Slovakia takes EU to court over migrant quotas

European Court of Justice. Luxembourg, 2006. [Cédric Puisney/Flickr]

Slovakia will launch legal action by next month against an EU quota plan to distribute 160,000 refugees and migrants across the bloc, a justice ministry spokeswoman told AFP today (24 November).

“The justice ministry, together with representatives of relevant ministries, is working on preparing the lawsuit,” spokeswoman Alexandra Donevova told AFP, adding that it would be “submitted before 18 December”.

Bratislava intends to lodge the suit with the European Court of Justice (ECJ), which adjudicates in disputes over how EU law is interpreted and applied.

The announcement confirms previous statements by Slovakia’s popular leftist Prime Minister Robert Fico who said on 30 September that his country would take legal action at the ECJ against the EU plan to distribute 120,000 asylum seekers from Italy and Greece to other EU members. The number of migrants to be re-distributed has since grown to 160,000, but very few have actually been relocated.

>> Read: Slovakia pushes ahead with legal action over EU refugee quotas

A nation of 5.4 million people, Slovakia is among several eastern European countries staunchly against a system of migrant quotas designed to ease the burden on countries like Greece, Italy and Germany that have received the lion’s share of arrivals.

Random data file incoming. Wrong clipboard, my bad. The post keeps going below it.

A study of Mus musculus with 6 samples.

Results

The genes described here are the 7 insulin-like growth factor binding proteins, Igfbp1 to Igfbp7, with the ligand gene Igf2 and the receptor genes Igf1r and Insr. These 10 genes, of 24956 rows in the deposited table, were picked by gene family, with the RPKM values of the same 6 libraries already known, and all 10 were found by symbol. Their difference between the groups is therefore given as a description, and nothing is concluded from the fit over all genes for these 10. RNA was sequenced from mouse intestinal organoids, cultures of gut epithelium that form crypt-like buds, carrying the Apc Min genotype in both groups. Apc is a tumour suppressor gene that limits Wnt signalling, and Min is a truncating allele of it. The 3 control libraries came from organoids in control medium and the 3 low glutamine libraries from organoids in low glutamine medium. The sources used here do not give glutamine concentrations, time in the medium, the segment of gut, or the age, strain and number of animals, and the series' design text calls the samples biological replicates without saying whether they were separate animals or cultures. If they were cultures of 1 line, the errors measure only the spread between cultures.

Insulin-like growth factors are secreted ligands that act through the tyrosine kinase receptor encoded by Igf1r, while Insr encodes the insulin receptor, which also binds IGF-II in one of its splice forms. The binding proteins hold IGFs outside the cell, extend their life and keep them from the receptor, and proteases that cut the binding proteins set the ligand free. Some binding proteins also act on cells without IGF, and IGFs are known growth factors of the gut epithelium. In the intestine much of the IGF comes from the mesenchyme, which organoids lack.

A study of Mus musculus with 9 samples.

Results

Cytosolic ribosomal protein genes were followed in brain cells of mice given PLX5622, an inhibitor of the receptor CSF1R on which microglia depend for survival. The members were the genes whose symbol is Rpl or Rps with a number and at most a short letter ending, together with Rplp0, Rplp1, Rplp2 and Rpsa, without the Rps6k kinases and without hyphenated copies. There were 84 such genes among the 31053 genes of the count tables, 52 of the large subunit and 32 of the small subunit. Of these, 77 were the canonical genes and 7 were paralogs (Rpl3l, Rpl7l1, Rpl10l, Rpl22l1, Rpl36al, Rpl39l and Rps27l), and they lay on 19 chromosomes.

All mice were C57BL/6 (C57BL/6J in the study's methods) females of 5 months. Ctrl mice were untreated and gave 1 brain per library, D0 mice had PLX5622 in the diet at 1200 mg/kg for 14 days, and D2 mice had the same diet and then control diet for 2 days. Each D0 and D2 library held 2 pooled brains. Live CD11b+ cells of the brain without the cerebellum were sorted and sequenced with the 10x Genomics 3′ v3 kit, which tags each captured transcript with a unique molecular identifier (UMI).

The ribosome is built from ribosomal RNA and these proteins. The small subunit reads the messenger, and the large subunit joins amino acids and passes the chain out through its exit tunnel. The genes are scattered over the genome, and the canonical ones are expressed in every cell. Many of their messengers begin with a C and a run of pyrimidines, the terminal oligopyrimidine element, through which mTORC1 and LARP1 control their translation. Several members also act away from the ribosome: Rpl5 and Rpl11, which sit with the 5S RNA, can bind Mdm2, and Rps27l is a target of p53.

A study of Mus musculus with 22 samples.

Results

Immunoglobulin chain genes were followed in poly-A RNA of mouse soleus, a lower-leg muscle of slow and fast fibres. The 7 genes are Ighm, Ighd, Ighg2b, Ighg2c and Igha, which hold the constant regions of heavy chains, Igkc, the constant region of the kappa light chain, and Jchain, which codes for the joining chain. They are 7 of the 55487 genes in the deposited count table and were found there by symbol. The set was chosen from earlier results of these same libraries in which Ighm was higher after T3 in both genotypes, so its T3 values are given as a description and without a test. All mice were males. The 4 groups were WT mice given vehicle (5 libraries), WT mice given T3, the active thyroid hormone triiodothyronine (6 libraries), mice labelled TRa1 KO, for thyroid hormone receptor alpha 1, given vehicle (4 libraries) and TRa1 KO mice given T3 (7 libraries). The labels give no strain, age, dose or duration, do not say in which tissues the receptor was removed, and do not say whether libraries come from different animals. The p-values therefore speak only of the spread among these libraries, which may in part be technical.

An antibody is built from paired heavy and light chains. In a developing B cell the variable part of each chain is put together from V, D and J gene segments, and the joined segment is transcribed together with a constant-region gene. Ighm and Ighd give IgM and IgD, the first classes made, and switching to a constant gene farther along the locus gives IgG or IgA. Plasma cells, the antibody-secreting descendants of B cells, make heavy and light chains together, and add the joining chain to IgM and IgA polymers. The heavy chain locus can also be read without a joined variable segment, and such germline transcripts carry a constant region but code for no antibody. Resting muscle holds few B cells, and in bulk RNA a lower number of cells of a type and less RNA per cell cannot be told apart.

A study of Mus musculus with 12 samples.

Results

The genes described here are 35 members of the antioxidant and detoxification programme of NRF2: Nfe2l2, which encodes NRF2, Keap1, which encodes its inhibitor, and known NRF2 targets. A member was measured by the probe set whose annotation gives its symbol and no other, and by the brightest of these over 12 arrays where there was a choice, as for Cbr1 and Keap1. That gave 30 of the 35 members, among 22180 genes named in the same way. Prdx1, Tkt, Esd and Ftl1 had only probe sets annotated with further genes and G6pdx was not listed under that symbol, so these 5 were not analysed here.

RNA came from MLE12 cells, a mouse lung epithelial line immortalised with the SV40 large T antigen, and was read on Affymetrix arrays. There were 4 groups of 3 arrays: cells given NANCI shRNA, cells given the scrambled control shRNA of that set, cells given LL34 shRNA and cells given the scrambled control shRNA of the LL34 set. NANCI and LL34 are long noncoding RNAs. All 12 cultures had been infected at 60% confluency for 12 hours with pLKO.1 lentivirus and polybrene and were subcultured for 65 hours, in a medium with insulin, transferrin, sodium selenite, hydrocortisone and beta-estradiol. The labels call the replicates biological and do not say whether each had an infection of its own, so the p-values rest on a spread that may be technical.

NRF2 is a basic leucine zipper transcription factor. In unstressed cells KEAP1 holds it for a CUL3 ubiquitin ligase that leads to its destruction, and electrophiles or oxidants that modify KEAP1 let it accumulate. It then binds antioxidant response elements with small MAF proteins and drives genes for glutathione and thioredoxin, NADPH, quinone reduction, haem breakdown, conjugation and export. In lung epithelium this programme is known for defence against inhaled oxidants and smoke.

Few migrants have entered Slovakia on their voyage to western Europe, and even fewer asylum seekers have chosen to stay. Under the EU’s quota system, Bratislava is expected to take in just under 2,300 migrants.

Seeking re-election in March, Fico said he would rather risk infringing EU rules than implement what he described as the EU’s “diktat” migrant quotas.

The Slovak premier told local press that the planned lawsuit “can be very significant, as it can resolve many questions concerning relations between sovereign countries and the EU – including voting rights.”

He added that Slovakia’s lawsuit would address “very significant” issues surrounding relations between EU members and Brussels, including countries’ weighting in EU decision-making.

In September, Fico raised the spectre of terrorists slipping into Slovakia masquerading as refugees, a possibility experts had deemed unlikely at the time.

During a televised debate last week, he insisted that the “security of Slovak citizens took precedence over the rights of migrants”.

“We are monitoring every Muslim in Slovakia,” Fico told local journalists after the shooting and bomb attacks in Paris that were claimed by the Islamic State jihadist group, while admitting that “in the majority of cases they’re (Muslims) here legally.”

The International Organization for Migration on Tuesday estimated that nearly 860,000 migrants had landed in Europe so far this year, with over 3,500 dying while crossing the Mediterranean in search of safety.